I have to admit I was a little wary about journeying through book 2 of A Song of Ice and Fire series. The first instalment, A Game of Thrones, was good but long and ever-winding. As I began A Clash of Kings, I found nothing to be different. However, the story line had picked up a great deal, with a lot more excitement and a lot less laying of the background. Plus, by now, I had honed my already fantastic “skimming” skills to scan an entire chapter in 30 seconds or less to ascertain whether it was one I would be interested in paying deeper attention to or not. I was pleasantly surprised to note that while the boring chapters were boring, I tolerated them well because the interesting chapters were uh-may-zing!
If you feel like your dragging yourself through the first half of A Clash of Kings, take it from me: the second half is fantastic. I got into bed last night at 9:30 and resolved to read just a couple of chapters to feel like I got ahead. At 1:30 in the morning I had finished the book, huddled under my blanket and vaguely becoming aware of cramps from not having moved from my position the entire time. Through my reading, I tried to make mental notes of things I wanted to mention in this post and hopefully chat about with fellow readers.
In case you haven’t noticed by now or you haven’t read the series yet, these are violent and unsparing books. There’s rape and unyielding tempers in every chapter. I know that the TV show is wildly popular, but I’m not sure I’d be able to stomach watching these books come to life. In my imagination, I have control over how bloody things get and how fast I can skip over a man being scourged to death. George R. R. Martin doesn’t mince his words and isn’t afraid of affecting his audience. That’s what I like to call a brave author. At the same time, none of it is forced. I don’t roll my eyes and sigh at every paragraph of brutality thinking “There he goes again, we get the point dude”. It simply flows, which isn’t easy to do.
With A Game of Thrones, I found the plot and writing to be very realistic and saucily historical. It was like watching a behind-the-scenes video of the true gore, lust, and lack of honour behind those haughty, high-born medieval families. Aside from two or three chapters here and there of the dead coming to life and dragons being hatched, I barely remembered that this book was also classified as fantasy. In A Clash of Kings, the fantasy elements slowly became clearer. At first it threw me off because I had become accustomed to everything being very realistic. Martin leaked the ‘unnatural’ plot points in very slowly, as if dropping tiny dots of ink into a pool of water, waiting and watching as the inky puddles blended and spread. I’ve never read a book that introduced fantasy so slowly into the plot; usually if it’s a fantasy book the dragons are already ablaze and the shape shifters are already walking the lands. Here, A Game of Thrones built a web of plot-lines between what feels like 20 families all based on realistic human flaws and greed. A Clash of Kings is where we start to see that not everything is truly normal. Make no mistake, the fantasy incorporated here so far has been nothing but dark and haunting. Reading certain parts in the dead of night, I found myself feeling uneasy and getting goosebumps. There’s no broomsticks and snitches here, I’m afraid. Marin has no qualms with describing a scene or two of odd, but terrible happenings. I find it fascinating because I can’t wait to see how he ties it all in to the grander scheme of the series.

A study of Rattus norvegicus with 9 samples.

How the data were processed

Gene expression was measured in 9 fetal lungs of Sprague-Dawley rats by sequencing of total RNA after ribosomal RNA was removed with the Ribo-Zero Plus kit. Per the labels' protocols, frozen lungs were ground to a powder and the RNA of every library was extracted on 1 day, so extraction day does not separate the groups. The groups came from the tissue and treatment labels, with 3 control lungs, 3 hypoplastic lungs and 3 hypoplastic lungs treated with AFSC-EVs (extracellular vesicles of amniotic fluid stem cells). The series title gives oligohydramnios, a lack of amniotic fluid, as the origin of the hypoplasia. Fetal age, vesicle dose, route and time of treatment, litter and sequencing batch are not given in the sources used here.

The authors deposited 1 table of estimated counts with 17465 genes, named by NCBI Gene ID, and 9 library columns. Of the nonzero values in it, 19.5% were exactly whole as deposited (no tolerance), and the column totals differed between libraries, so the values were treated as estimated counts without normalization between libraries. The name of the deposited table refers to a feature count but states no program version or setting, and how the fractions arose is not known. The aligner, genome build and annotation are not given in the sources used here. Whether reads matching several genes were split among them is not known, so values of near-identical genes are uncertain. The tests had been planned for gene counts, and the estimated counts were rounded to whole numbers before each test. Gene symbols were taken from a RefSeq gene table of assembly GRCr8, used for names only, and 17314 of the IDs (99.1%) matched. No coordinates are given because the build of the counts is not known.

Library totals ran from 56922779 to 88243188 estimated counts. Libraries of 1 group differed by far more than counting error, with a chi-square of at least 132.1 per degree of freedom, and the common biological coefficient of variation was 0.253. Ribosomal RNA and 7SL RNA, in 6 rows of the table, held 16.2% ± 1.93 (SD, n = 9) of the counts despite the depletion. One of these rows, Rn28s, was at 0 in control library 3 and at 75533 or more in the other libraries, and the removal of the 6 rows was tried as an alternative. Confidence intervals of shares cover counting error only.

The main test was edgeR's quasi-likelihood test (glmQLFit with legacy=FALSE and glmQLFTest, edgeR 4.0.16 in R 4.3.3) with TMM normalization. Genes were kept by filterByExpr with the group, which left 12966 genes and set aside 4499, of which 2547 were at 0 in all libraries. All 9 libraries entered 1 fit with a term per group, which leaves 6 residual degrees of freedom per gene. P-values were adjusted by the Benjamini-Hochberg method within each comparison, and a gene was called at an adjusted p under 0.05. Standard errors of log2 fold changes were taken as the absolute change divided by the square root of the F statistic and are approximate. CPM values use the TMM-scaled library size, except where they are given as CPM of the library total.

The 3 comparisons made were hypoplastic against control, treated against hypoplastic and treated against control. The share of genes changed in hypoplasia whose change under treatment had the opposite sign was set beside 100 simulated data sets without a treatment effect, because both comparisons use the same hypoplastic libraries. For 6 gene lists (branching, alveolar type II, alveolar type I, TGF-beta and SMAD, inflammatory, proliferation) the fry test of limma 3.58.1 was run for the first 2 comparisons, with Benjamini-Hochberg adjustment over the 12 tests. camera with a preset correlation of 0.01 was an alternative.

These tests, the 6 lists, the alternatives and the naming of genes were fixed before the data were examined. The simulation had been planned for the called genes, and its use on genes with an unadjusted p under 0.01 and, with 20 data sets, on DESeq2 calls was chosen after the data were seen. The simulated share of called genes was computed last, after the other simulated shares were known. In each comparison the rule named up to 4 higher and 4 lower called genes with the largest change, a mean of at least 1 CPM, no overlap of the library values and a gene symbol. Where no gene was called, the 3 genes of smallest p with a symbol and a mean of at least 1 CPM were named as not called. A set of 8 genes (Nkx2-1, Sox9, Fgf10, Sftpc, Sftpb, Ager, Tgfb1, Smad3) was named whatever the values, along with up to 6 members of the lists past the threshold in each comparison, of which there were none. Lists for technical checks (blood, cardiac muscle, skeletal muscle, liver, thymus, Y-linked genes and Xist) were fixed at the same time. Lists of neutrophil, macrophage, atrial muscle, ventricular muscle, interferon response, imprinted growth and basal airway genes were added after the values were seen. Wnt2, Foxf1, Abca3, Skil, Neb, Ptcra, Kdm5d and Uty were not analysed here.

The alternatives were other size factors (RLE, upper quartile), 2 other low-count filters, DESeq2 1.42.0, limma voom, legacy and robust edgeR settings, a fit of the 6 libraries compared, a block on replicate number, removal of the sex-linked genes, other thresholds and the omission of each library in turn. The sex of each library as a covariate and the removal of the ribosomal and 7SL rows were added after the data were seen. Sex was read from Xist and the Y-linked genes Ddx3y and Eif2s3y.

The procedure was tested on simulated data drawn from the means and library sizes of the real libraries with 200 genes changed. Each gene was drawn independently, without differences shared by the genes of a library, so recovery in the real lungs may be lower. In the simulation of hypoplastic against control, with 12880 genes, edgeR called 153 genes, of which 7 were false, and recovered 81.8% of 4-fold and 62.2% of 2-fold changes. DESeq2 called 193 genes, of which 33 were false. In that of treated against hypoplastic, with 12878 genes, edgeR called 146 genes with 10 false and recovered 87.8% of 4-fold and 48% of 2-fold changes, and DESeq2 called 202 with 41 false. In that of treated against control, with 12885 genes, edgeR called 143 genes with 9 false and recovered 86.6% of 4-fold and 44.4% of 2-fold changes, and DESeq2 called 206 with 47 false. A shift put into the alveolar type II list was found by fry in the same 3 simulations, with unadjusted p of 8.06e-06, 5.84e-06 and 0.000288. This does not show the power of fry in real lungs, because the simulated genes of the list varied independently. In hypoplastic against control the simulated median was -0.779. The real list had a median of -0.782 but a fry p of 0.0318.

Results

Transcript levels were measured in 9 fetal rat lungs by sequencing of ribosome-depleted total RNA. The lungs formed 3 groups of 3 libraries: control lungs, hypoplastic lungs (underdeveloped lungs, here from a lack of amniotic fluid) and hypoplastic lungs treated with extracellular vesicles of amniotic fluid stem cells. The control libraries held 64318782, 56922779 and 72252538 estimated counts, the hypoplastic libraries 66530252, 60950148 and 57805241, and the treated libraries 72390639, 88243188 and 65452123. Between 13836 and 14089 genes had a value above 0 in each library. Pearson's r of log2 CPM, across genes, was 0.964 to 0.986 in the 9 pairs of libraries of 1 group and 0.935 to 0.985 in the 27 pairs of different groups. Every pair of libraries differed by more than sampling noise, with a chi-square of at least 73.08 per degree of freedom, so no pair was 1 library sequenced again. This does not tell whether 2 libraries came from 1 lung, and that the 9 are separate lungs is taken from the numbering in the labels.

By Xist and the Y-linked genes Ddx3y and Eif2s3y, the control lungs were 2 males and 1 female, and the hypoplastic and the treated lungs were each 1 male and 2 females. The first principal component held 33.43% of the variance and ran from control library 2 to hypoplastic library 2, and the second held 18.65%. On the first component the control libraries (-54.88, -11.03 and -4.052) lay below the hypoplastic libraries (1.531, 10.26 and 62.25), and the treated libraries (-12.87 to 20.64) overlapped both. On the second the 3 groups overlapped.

The character development did not disappoint me in A Game of Thrones and frankly impressed me further in A Clash of Kings. Some men and women are very one-dimensional, with only one particular aspect that encompasses their personalities. The others are as complex as any human being and Martin exposes their strengths and weaknesses alternately, never failing to let us know that there is more than meets the eye to each person in the story. Some characters have grown stronger from the first book and really captured my heart here while others I disliked from it only appear stupider in the second. A prime example of this are sisters Sansa and Arya Stark. Sansa is a doe-eyed, innocent little girl who believes in courtesy and lady-like behaviour and thoroughly lacks a backbone. Arya was a wild, untamed, and sometimes precocious child. After being forced into circumstances that I wouldn’t dream of surviving at her age, she grows up too fast but displays an immense wealth of wit and courage. Arya was a tolerable, fun character for me in A Game of Thrones but in A Clash of Kings I find myself eagerly waiting for her chapters to come around. She has quickly evolved into being one of my favourite characters. Sansa, whom I didn’t like in the first place has only lost my favour even more in the second book. However, it speaks highly of Martin’s writing that I can still feel sorry for Sansa at times in the story.
What I was most taken with throughout was Martin’s ability to write the fast-moving chapters. It makes me forgive him for the slower, more boring ones because when you finally get to one of the good ones, your heart races and your jaw drops. The horrors that unfold, the battles that rage out of control, the characters being confronted with ultimatums, sex, or their worst fears–it’s all fantastically written. I can honestly say that I was ready to stop reading around 10:30pm, but then I read a page or two into the next chapter and I was suddenly alert and ready to devour the rest of the book. Sometimes I wish that all of Martin’s chapters were this tantalizing, but maybe if they were I’d appreciate them less. His calm before the storm may be less than stirring but the storm sure as hell rocks the reader and leaves them begging for more.